Acting as an Expert Witness - responding to the new perils
10 Golden Rules of loss prevention for Expert Witnesses
Many members of ITIC offer to act as an expert witness as a regular part of their professional practices. There are, however, a number of other members who are occasionally asked to act in this capacity without specifically seeking the appointment. The following article will look at the role of being an expert witness and the potential liabilities.
In March 2011 the UK Supreme Court ended the immunity from liability historically granted to expert witnesses. While it is unlikely there will be a flood of cases against experts it is important that those who act as expert witnesses review their working practices to reduce the risk of a claim being made against them.
The following are ten golden rules of loss prevention:
1) A lot of appointments are casual. If you are a professional then you should have terms and conditions. You can find a pro-forma “terms of engagement” on a number of websites. They will need adapting to your circumstances but are a good starting point. Contracting on a sensible basis will greatly assist if a dispute arises.
2) To err is human – the answer is insurance. The professional’s clients should be able to expect that if the professional makes a mistake there is a reasonable sum available to compensate them. Meeting this expectation underpins confidence in the professional’s marketplace. That is one of the roles of professional indemnity insurance.
In addition to the potential liabilities, even an “innocent” expert can face substantial legal costs dealing with a claim. At best only a proportion of these costs will ever be recovered.
One important consideration is that appointment as an expert is a personal appointment rather than a company one. Make sure your company’s policy covers you, as an individual, when acting as an expert, and not just when you are acting in the name of the company.
Once you have appropriate terms and conditions and insurance there are some important considerations about how you perform your duties:
3) Don’t allow your desire to help your client blind you to the evidence. Our adversarial system doesn’t help. You will be described as “our expert” and the opponent’s witness as “their expert”. In spite of this, you are there to be an impartial expert, not an advocate of your client’s case. Problems happen if you allow yourself to over zealously “support the cause”. Your client will blame you if he loses.
4) As it says in the statement of truth you must sign, your evidence must be your complete professional opinion. Check that you haven’t disregarded anything because it doesn’t fit your theory.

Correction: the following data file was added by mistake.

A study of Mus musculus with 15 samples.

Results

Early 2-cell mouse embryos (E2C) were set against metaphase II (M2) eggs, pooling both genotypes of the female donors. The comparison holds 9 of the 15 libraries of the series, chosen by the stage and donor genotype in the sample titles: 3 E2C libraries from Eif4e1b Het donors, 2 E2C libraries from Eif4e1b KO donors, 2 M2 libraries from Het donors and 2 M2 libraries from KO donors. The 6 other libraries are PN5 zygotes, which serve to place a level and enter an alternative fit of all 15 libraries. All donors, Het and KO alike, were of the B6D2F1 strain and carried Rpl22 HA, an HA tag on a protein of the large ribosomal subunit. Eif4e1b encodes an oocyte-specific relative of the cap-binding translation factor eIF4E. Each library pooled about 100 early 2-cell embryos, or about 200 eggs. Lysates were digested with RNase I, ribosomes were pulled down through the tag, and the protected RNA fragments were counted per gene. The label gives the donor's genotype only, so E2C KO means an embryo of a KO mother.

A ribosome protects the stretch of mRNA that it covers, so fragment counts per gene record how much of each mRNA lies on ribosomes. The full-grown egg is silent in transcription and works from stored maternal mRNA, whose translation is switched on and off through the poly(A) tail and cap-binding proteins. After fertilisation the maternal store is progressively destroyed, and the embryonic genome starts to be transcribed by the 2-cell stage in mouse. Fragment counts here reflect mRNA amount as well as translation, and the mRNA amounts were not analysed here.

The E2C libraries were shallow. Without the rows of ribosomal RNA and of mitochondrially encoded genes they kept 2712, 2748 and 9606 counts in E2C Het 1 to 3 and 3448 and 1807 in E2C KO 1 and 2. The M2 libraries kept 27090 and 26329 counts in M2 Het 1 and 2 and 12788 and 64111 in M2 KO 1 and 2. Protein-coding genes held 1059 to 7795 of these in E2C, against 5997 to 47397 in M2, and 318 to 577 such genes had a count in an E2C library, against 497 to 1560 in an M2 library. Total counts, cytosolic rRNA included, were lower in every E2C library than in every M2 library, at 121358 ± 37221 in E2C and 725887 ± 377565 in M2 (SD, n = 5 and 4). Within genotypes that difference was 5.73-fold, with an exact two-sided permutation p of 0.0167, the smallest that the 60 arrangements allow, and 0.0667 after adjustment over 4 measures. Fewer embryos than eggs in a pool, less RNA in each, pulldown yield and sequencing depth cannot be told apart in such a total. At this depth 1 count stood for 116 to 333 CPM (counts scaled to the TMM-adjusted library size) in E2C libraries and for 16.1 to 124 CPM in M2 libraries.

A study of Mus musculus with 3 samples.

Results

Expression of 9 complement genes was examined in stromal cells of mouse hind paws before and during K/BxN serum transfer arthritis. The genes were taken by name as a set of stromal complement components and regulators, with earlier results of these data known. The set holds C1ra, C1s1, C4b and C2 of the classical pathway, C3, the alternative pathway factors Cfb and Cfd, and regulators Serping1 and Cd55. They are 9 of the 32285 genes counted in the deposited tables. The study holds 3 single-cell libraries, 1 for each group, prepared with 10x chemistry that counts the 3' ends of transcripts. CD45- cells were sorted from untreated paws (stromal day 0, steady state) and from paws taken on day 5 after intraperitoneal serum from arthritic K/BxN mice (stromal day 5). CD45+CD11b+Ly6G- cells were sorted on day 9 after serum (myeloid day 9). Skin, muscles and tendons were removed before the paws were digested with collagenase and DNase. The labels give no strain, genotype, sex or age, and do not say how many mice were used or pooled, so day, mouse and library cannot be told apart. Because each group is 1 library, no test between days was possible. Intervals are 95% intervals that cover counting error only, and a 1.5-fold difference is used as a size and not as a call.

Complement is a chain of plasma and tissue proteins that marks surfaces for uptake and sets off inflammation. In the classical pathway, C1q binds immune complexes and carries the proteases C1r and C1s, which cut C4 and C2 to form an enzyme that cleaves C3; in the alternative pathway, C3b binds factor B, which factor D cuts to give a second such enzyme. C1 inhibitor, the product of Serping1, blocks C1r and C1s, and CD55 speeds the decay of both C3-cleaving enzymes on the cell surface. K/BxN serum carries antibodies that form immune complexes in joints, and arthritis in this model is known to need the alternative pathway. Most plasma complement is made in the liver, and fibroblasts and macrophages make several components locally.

5) The purpose of your evidence is to explain technical matters. This is very different from stating what you would have done in similar circumstances. Justification of your usual practice can taint your evidence.
6) Don’t be bullied. A survey conducted by an expert witness training company found that one in ten expert witnesses had been pressurised by a lawyer into changing evidence before the case had gone to court. It is your evidence and if it goes wrong you will have signed off on it.
7) Challenge inadequate or misleading instructions. The Expert Witness Institute’s terms make it clear that you are to be provided with comprehensive instructions.
8) Don’t accept instructions if you cannot be independent. The expert may be faced with a business dilemma of not wishing to alienate the principal but simply not wishing to say what is required.
9) Check that you are not conflicted. A surprising number of experts accept an engagement only to find that a colleague has dealt with the opposition.
10) Don’t stray outside the area of your expertise. A firm of marine engineers, who normally dealt with commercial shipping, gave an opinion on a yacht engine. They considered that they were qualified to give an opinion as that type of engine was frequently used on commercial ships to power winches. However the issue in the case was whether the damage was caused by freshwater or seawater damage – not something within their usual course of business.
Another very tragic example is the infamous Meadows case. An eminent doctor described the odds of two cot deaths in the same family as 1 in 73 million. The jury convicted the accused, a solicitor called Sally Clark, of murdering her two children. The expert witness, Sir Roy Meadows, was not a statistician. The figure was later disputed by the Royal Statistical Society and other experts said that, once genetic and environmental factors were taken into consideration, the odds of a second cot death in the same family were closer to 200 to one. The GMC disciplinary panel's chairman said Sir Roy was an eminent paediatrician. But she added: "You should not have strayed into areas that were not within your remit of expertise."